Fever, Pediatric

Fever, Pediatric


A fever is an increase in the body's temperature. It is usually defined as a temperature of 100.4°F (38°C) or higher. In children older than 3 months, a brief mild or moderate fever generally has no long-term effect, and it usually does not need treatment. In children younger than 3 months, a fever may indicate a serious problem. A high fever in babies and toddlers can sometimes trigger a seizure (febrile seizure). The sweating that may occur with repeated or prolonged fever may also cause a loss of fluid in the body (dehydration).
Fever is confirmed by taking a temperature with a thermometer. A measured temperature can vary with:
  • Age.
  • Time of day.
  • Where in the body you take the temperature. Readings may vary if you place the thermometer:
    • In the mouth (oral).
    • In the rectum (rectal). This is the most accurate.
    • In the ear (tympanic).
    • Under the arm (axillary).
    • On the forehead (temporal).

Follow these instructions at home:

Medicines

  • Give over-the-counter and prescription medicines only as told by your child's health care provider. Carefully follow dosing instructions from your child's health care provider.
  • Do not give your child aspirin because of the association with Reye's syndrome.
  • If your child was prescribed an antibiotic medicine, give it only as told by your child's health care provider. Do not stop giving your child the antibiotic even if he or she starts to feel better.

If your child has a seizure:

  • Keep your child safe, but do not restrain your child during a seizure.
  • To help prevent your child from choking, place your child on his or her side or stomach.
  • If able, gently remove any objects from your child's mouth. Do not place anything in his or her mouth during a seizure.

General instructions

  • Watch your child's condition for any changes. Let your child's health care provider know about them.
  • Have your child rest as needed.
  • Have your child drink enough fluid to keep his or her urine pale yellow. This helps to prevent dehydration.
  • Sponge or bathe your child with room-temperature water to help reduce body temperature as needed. Do not use cold water, and do not do this if it makes your child more fussy or uncomfortable.
  • Do not cover your child in too many blankets or heavy clothes.
  • If your child's fever is caused by an infection that spreads from person to person (is contagious), such as a cold or the flu, he or she should stay home. He or she may leave the house only to get medical care if needed. The child should not return to school or daycare until at least 24 hours after the fever is gone. The fever should be gone without the use of medicines.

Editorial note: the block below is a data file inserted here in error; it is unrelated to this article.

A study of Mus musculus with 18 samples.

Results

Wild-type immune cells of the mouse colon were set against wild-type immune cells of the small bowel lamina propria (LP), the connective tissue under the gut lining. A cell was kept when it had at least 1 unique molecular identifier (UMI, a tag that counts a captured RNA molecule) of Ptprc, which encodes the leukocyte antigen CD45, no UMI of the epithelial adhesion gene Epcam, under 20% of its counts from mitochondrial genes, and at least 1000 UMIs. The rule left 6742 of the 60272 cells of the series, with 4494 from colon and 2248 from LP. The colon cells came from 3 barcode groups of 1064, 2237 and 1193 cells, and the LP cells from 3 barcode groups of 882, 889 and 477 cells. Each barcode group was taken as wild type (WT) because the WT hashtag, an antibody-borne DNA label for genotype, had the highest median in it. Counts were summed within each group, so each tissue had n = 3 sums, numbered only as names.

• Keep all follow-up visits as told by your child's health care provider. This is important.

Contact a health care provider if your child:

  • Vomits.
  • Has diarrhea.
  • Has pain when he or she urinates.
  • Has symptoms that do not improve with treatment.
  • Develops new symptoms.

Get help right away if your child:

  • Who is younger than 3 months has a temperature of 100.4°F (38°C) or higher.
  • Becomes limp or floppy.
  • Has wheezing or shortness of breath.
  • Has a febrile seizure.
  • Is dizzy or faints.
  • Will not drink.
  • Develops any of the following:
    • A rash, a stiff neck, or a severe headache.
    • Severe pain in the abdomen.
    • Persistent or severe vomiting or diarrhea.
    • A severe or productive cough.
  • Is one year old or younger, and you notice signs of dehydration. These may include:
    • A sunken soft spot (fontanel) on his or her head.
    • No wet diapers in 6 hours.
    • Increased fussiness.
  • Is one year old or older, and you notice signs of dehydration. These may include:
    • No urine in 8–12 hours.
    • Cracked lips.
    • Not making tears while crying.
    • Dry mouth.
    • Sunken eyes.
    • Sleepiness.
    • Weakness.

Summary

  • A fever is an increase in the body's temperature. It is usually defined as a temperature of 100.4°F (38°C) or higher.
  • In children younger than 3 months, a fever may indicate a serious problem. A high fever in babies and toddlers can sometimes trigger a seizure (febrile seizure). The sweating that may occur with repeated or prolonged fever may also cause dehydration.
  • Do not give your child aspirin because of the association with Reye's syndrome.
  • Pay attention to any changes in your child's symptoms. If symptoms worsen or your child has new symptoms, contact your child's health care provider.
  • Get help right away if your child who is younger than 3 months has a temperature of 100.4°F (38°C) or higher, your child has a seizure, or your child has signs of dehydration.

This information is not intended to replace advice given to you by your health care provider. Make sure you discuss any questions you have with your health care provider.